Contextual influence over deriving others' true beliefs using a relational triangulation perspective-taking protocol (RT-PTP-M1).


Guinther, P. M. (2017). Contextual influence over deriving others' true beliefs using a relational triangulation perspective-taking protocol (RT-PTP-M1). Journal of the Experimental Analysis of Behavior, 108 (3), 433-456. doi: 10.1002/jeab.291

Publication Topic: 
RFT: Empirical
Publication Type: 
Relational Frame Theory; deictic behavior; derived relations; perspective-taking; relational triangulation framework; theory of mind; verbally competent adults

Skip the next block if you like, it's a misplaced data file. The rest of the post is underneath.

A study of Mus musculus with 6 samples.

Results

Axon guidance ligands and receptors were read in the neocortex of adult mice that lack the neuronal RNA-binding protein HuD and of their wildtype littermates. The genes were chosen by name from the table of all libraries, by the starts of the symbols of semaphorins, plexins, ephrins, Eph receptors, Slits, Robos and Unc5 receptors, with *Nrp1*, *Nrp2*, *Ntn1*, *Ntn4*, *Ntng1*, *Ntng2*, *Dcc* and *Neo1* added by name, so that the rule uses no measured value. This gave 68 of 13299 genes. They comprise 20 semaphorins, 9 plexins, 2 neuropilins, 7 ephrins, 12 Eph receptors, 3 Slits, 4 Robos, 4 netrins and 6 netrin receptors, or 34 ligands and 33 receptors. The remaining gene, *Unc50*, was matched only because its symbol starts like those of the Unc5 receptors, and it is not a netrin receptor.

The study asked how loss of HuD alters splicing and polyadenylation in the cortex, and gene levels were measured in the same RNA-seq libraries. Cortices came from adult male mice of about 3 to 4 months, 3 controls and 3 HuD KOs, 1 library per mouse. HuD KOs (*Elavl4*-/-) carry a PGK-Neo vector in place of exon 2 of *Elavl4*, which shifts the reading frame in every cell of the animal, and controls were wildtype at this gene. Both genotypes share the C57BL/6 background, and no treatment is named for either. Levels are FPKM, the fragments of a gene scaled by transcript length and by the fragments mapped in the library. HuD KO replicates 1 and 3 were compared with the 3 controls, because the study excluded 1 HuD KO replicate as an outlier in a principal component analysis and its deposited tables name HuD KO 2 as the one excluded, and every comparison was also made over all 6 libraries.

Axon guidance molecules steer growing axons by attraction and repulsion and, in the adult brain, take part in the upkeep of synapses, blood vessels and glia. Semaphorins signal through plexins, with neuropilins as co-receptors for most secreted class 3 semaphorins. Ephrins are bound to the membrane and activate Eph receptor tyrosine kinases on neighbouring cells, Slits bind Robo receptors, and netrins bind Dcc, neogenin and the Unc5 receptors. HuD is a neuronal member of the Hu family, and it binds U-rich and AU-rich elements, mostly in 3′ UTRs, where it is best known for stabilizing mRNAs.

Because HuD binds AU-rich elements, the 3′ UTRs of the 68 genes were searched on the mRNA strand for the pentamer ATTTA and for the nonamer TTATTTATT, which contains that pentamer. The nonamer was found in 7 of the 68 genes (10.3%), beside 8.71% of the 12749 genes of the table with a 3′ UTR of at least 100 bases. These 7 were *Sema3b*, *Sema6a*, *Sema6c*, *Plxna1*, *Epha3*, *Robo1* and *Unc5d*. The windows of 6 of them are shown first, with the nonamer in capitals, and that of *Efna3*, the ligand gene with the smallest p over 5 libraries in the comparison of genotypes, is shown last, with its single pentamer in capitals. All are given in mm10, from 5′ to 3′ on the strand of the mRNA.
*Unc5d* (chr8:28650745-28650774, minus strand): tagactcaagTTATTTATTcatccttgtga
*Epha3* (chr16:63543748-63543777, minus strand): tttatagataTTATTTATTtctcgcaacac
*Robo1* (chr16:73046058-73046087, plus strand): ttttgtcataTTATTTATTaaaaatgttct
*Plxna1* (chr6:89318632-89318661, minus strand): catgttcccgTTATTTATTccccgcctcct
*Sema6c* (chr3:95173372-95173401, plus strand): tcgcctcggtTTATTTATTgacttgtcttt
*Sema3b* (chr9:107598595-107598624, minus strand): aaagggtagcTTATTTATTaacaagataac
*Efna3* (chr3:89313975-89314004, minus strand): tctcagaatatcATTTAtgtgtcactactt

This paper introduces the relational triangulation framework as a functional contextual expansion of the established Relational Frame Theory (Hayes, Barnes-Holmes, & Roche, 2001) account of perspective-taking. Initial support for the new framework is provided through data collected with a novel relational triangulation perspective-taking protocol configured in the present study to show contextual influence over deriving true belief in others following the direct training of a "seeing leads to knowing" repertoire (Leslie & Frith, 1988). Eight verbally competent adults were directly trained to make operant discriminations on a first set of target stimuli (i.e., the identities of three distinct figurines) and then directly trained to make contextually controlled deictic pointing responses to a second set of target stimuli (i.e., to the relative location of a target beacon according to the signaled spatial perspective of the self vs. two others). The test for derivation was whether the stimuli that had directly acquired contextual control over deictic perspective-taking during training would spontaneously exert contextual control over figurine discrimination relative to the spatial perspective of the two others. That is, passing the test for derivation required participants to infer that the others would "report what they were seeing" the same way that the self would if the self were in their position, suggesting coordination of the self and others. Seven of the eight participants exhibited the intended derivation of the others' "true beliefs," confirming successful relational triangulation perspective-taking protocol configuration for this purpose.